BAYHAM: Rick Santorum Has Folded The Sweater-Vest

Note of disclosure: The writer of this column had served as Rick Santorum’s state political director in his 2012 presidential race.

Former Pennsylvania US Senator and 2012 Iowa caucus winner Rick Santorum hoped that lighting would strike the same Pizza Ranch twice.

And for a candidate who was a statistical asterisk for most of the pre-Iowa caucus polling before breaking out and pushing eventual Republican presidential nominee Mitt Romney to the limit, Santorum hustled hard in his second presidential bid.

After all, the GOP has traditionally nominated a previous runner up for president (five of the past six nominees shared this distinction).

Unfortunately for Santorum, while history was on his side, reality and the political landscape were not.

Santorum rose in 2012 because he was the only conservative alternative to the ideologically androgynous Romney in the aftermath of Herman Cain, Rick Perry and Michele Bachmann’s meltdowns and the Newt Gingrich beatdown courtesy of Romney’s super pac.

Come December, Evangelicals needed a candidate and Team Santorum had shrewdly not blown their wad on the Ames Straw Poll.

Like the industrious ant from Aesop’s fable, Santorum conserved his resources for the winter when the real votes were cast in contrast to the political grasshoppers who wore themselves out trying to leap over each other in the meaningless preliminary polls.

Santorum 1.0 was a stand in candidate for frustrated conservatives. Most of his supporters never bought into him and had no intention of coming back for the sequel, especially when fresh conservative faces such as Ted Cruz, Rand Paul and Marco Rubio populated the field of 2016 candidates.

But when one comes a few media flubs and a handful of percentage points away from knocking out Romney in the Michigan primary, it’s hard to simply walk away from a follow up presidential run.

Santorum had to see it for himself.

On the eve of the Iowa caucuses, Santorum held his final town hall meeting at an Urbandale location of Pizza Ranch, an Iowa pizza chain that was synonymous with his candidacy because they have meeting rooms that organizations can use at no cost, which for the cash strapped Santorum campaign was a venue of opportunity and necessity.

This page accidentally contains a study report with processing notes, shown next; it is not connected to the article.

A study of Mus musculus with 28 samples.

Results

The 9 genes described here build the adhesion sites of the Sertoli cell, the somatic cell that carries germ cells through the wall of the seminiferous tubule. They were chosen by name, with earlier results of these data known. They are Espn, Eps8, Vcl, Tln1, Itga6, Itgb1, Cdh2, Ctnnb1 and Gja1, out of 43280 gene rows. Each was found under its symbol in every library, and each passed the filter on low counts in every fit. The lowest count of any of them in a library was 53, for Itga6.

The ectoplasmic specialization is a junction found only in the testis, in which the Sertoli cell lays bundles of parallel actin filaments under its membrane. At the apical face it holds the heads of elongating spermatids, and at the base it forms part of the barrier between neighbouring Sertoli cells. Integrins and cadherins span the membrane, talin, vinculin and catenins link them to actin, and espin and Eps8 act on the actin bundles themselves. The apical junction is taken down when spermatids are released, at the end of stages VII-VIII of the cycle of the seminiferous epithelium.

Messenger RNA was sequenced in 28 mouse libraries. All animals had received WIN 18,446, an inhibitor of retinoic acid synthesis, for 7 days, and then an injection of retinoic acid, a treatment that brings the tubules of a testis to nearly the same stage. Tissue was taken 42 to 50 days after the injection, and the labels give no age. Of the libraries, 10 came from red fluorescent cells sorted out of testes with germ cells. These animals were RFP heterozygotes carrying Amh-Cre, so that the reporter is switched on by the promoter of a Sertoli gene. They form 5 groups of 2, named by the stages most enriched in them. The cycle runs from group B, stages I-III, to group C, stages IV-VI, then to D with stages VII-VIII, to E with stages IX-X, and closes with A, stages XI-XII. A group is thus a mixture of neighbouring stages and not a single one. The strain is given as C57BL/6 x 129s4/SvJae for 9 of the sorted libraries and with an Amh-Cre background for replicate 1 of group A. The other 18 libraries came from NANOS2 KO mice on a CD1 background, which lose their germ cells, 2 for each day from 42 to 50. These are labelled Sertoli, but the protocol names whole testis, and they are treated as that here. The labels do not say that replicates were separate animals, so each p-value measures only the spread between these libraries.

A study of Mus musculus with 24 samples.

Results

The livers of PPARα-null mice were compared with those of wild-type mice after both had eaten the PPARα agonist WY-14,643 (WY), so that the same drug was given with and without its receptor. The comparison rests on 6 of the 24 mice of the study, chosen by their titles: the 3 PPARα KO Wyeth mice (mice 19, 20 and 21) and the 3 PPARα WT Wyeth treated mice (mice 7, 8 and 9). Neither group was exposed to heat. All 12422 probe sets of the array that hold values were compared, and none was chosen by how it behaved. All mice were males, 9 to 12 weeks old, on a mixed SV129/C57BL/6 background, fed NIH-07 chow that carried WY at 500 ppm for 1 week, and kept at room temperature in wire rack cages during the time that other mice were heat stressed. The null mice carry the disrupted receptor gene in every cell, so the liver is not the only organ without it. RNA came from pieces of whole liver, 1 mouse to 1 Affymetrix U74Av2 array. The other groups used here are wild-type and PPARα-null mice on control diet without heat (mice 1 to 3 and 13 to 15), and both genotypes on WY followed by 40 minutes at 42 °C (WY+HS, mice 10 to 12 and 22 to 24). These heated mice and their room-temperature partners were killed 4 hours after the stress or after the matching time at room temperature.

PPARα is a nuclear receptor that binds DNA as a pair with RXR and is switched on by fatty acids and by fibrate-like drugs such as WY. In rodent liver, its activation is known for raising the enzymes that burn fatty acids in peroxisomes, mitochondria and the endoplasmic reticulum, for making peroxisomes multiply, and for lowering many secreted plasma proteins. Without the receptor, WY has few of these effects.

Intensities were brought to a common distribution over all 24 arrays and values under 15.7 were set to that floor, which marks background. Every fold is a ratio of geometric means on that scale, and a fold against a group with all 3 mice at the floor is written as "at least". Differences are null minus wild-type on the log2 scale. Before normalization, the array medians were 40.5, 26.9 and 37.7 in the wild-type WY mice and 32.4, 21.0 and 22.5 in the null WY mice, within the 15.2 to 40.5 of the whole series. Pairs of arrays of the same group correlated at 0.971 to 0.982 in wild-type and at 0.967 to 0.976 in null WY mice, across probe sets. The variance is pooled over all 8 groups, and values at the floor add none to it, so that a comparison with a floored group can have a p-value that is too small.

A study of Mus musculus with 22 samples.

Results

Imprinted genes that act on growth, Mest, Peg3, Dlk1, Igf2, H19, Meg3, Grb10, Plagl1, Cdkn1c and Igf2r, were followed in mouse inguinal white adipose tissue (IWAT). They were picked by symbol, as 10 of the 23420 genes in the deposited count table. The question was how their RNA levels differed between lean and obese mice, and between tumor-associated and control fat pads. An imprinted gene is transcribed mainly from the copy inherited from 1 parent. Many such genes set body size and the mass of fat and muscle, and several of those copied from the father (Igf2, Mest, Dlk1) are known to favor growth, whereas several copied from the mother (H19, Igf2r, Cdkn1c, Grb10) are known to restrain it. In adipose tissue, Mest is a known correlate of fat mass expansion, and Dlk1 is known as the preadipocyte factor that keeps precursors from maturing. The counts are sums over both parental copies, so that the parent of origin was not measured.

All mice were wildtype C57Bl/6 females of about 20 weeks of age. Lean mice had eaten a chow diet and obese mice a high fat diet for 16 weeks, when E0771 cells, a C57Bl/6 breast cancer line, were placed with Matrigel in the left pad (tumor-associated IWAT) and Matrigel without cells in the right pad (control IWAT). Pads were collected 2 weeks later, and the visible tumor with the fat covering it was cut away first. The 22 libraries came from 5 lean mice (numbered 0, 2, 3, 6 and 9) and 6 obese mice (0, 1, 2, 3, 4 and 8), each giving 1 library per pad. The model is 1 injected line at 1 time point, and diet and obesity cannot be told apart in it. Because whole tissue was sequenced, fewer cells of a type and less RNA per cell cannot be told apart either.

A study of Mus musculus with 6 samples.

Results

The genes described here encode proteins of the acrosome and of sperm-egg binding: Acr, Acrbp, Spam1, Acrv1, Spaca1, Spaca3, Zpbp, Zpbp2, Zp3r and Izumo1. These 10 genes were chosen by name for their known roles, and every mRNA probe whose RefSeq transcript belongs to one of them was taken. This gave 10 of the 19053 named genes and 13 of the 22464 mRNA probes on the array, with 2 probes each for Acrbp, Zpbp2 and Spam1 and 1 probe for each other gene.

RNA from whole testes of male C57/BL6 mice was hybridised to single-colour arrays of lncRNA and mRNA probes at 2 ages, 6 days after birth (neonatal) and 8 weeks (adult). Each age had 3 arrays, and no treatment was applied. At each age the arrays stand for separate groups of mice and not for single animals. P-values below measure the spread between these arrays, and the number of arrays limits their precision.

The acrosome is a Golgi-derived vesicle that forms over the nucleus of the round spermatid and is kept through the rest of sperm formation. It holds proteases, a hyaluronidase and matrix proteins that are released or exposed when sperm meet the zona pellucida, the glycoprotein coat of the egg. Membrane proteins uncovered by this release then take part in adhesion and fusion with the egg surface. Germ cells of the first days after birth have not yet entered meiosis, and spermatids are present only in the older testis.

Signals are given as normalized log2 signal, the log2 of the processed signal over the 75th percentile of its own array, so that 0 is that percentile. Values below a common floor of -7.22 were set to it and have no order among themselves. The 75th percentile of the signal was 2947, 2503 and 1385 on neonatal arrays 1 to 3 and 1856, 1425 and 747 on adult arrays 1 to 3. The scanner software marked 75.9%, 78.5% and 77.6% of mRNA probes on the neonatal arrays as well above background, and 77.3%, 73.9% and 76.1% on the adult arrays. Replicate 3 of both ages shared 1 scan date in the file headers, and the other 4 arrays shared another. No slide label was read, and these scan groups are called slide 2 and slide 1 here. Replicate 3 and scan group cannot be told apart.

And though it was not his last campaign appearance, it served as a fitting location for what was essentially his close out.

Since 2011, Santorum had visited 120 out of 180 Pizza Ranch locations and held over 700 town hall meetings in the Hawkeye State.

Beyond being his last town hall meeting, there is another reason why I took a break from covering the leading candidates to drop in on Santorum’s low key event.

On the other side of the interstate overpass was Legends restaurant, where my involvement with Santorum’s 2012 presidential bid began.

I went to the restaurant to personally drop off a campaign donation to Santorum, who was making a campaign stop there. Just as I went to hand him my check, a young angry gay activist hurled a handful of glitter at Santorum and shouted  “Stop the hate! Taste the rainbow!”, that being the radical homosexual equivalent of Sic Semper Tyrannis.

That moment was a reminder of how unhinged and ugly the left is, which further confirmed my decision to support Santorum.

Joining Santorum at his Pizza Ranch close out was popular Iowa US Senator Chuck Grassley, who did not endorse anyone but made a point of appearing with all the candidates at some point to thank them for spending time in the state and protecting Iowa’s leadoff status. Grassley had very kind words for Santorum, praising him for courageous stands in the US Senate, even those that were considered uncomfortably controversial at the time.

Managers from the Pizza Ranch presented Santorum with official restaurant gear in recognition for having held hundreds of campaign events at the family oriented eating establishment.

Though Santorum was still cajoling people to rally to his candidacy and proceeded to field presidential policy questions from the four dozen or so supporters and media gathered in the party room, you could sense that Santorum was striving hard to contain the sentimentality of the moment, which was not lost on any of his supporters present.

There were two topics that set Santorum off and he fully bared his frustration: the fairness of the media coverage and how the debates were handled.

Initially Santorum gave a pass to the networks for their Trump obsession, conceding that television is a business and if Donald Trump boosted ratings/profits, then he could hardly fault them for spending so much time on the billionaire.

However, Santorum lambasted Fox News for ignoring his candidacy and television host Bill O’Reilly by name for not inviting him on his show over the past five years, even after it was revealed that Santorum was singled out as a “Catholic Crusader” by an ISIS publication for his comments criticizing the group.

In addition to Fox News, Santorum chastised the Republican National Committee for allowing the media to create “children’s table”/undercard debates for low polling candidates.

As the meeting drew to a close, Santorum personally visited with his supporters, some had stood by him since the 2% days of 2011 and remained by his side during the 1% days of 2016.

Though his White House dreams would definitively sputter out the next evening, finishing 11th in the Iowa caucuses, Santorum can at least take some solace in that his 2012 run proved that the party establishment could be effectively challenged.

Furthermore, it likely served notice that despite the familial connections and bankroll that Jeb Bush was not the inevitable nominee. Many good potential candidates shied away from running for president because they did not think the party establishment could be challenged. Santorum changed that in 2012.

And for that service, conservatives owe Rick Santorum a great deal of thanks.